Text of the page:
Greg Barker: climate change aims

SG Travel Progress on cutting carbon production gives the UK credibility but larger economies need to take more action, Greg Barker says. The Climate Change Minister talks to Peter Cheney.

While the UK is making good progress on cutting carbon production, its efforts will be ineffective without further action by other major economies. That was the thrust of Greg Barker’s remarks to a Policy Exchange seminar on green industrial policy at the Conservative Party conference.

Barker had just returned from climate talks at the UN in New York. “The reality is what we are doing per se is trivial compared to the rest of the world,” he told agendaNi before explaining the wider context. “We actually are doing incredibly well for our 2 per cent of emissions. What I know [is] from looking around at the G20 countries that sit around the table with me in negotiations, I can hold my head up high.

“We’re doing our bit. Unless they all do their bit as well, it really doesn’t matter. So we do need China, America, the big economies, to actually take a stand and there’s a lot more that they need to do.”

Greg Barker has been Minister of State for Climate Change at the Department of Energy and Climate Change since May 2010. A Tory MP since 2001, he was previously Head of International Investor Relations for Russian energy firm Sibneft for two years.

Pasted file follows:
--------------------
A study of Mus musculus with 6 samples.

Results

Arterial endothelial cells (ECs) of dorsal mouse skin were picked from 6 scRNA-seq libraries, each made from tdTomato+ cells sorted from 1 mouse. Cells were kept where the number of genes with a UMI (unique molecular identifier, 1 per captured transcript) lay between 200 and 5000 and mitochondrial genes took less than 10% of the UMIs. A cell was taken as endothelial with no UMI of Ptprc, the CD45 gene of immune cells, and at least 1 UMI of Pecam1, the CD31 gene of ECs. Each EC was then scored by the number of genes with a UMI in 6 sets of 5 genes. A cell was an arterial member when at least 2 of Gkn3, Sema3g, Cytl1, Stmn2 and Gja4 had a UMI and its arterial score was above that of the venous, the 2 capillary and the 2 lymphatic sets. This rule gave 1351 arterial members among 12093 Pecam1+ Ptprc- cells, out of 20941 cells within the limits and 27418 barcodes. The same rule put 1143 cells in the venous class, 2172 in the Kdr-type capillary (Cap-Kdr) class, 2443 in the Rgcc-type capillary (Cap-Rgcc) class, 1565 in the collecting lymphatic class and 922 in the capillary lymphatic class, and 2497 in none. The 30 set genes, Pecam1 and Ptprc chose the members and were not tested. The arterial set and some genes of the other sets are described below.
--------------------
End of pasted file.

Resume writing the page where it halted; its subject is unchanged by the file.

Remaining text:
As reported in agendaNi (issue 61, pages 24-26), Professor Dieter Helm has argued that renewable energy will only make little difference to climate change if Europe continues to consume Asian goods – which are produced by coal power. In his view, Europe has chosen to ignore its hidden carbon consumption.

“Of course, there’s a degree of truth in that,” Barker added but he saw “encouraging signs” in his meetings with the Chinese negotiator. He had just signed a memorandum of understanding on climate change with the Governor of Guangdong – China’s largest province in population terms – and he would be leading a clean tech trade mission to China later in the autumn.

The USA now has “some degree of political leadership” from Barack Obama. The President will meet with Chinese President Xi Jinping at the UN in September 2014 to discuss the next major summit, to be held in Paris in December 2015.

Barker appeared to acknowledge Helm’s position on this i.e. that Europe’s views will be sidelined by this stage. Helm and many environmentalists view a 2015 summit, setting policy for 2020, as too late to make a difference.

Taking Germany’s example, Barker wanted to see a “ruthless” drive for energy efficiency but also more allowances for energy for heavy industries which simply needed more energy to operate normally.

Barker also saw a need to be “more candid, more accountable and more grown-up” in explaining the costs of renewables to consumers: “For too long, the vested interests in the environmental movement have somehow assumed that the usual discipline of good value, the expectation of trying to explain yourselves to consumers, didn’t apply to them.” The Minister is therefore encouraging the low carbon sector to “commercialise sooner [and] scale up faster” and reduce its level of subsidy more quickly.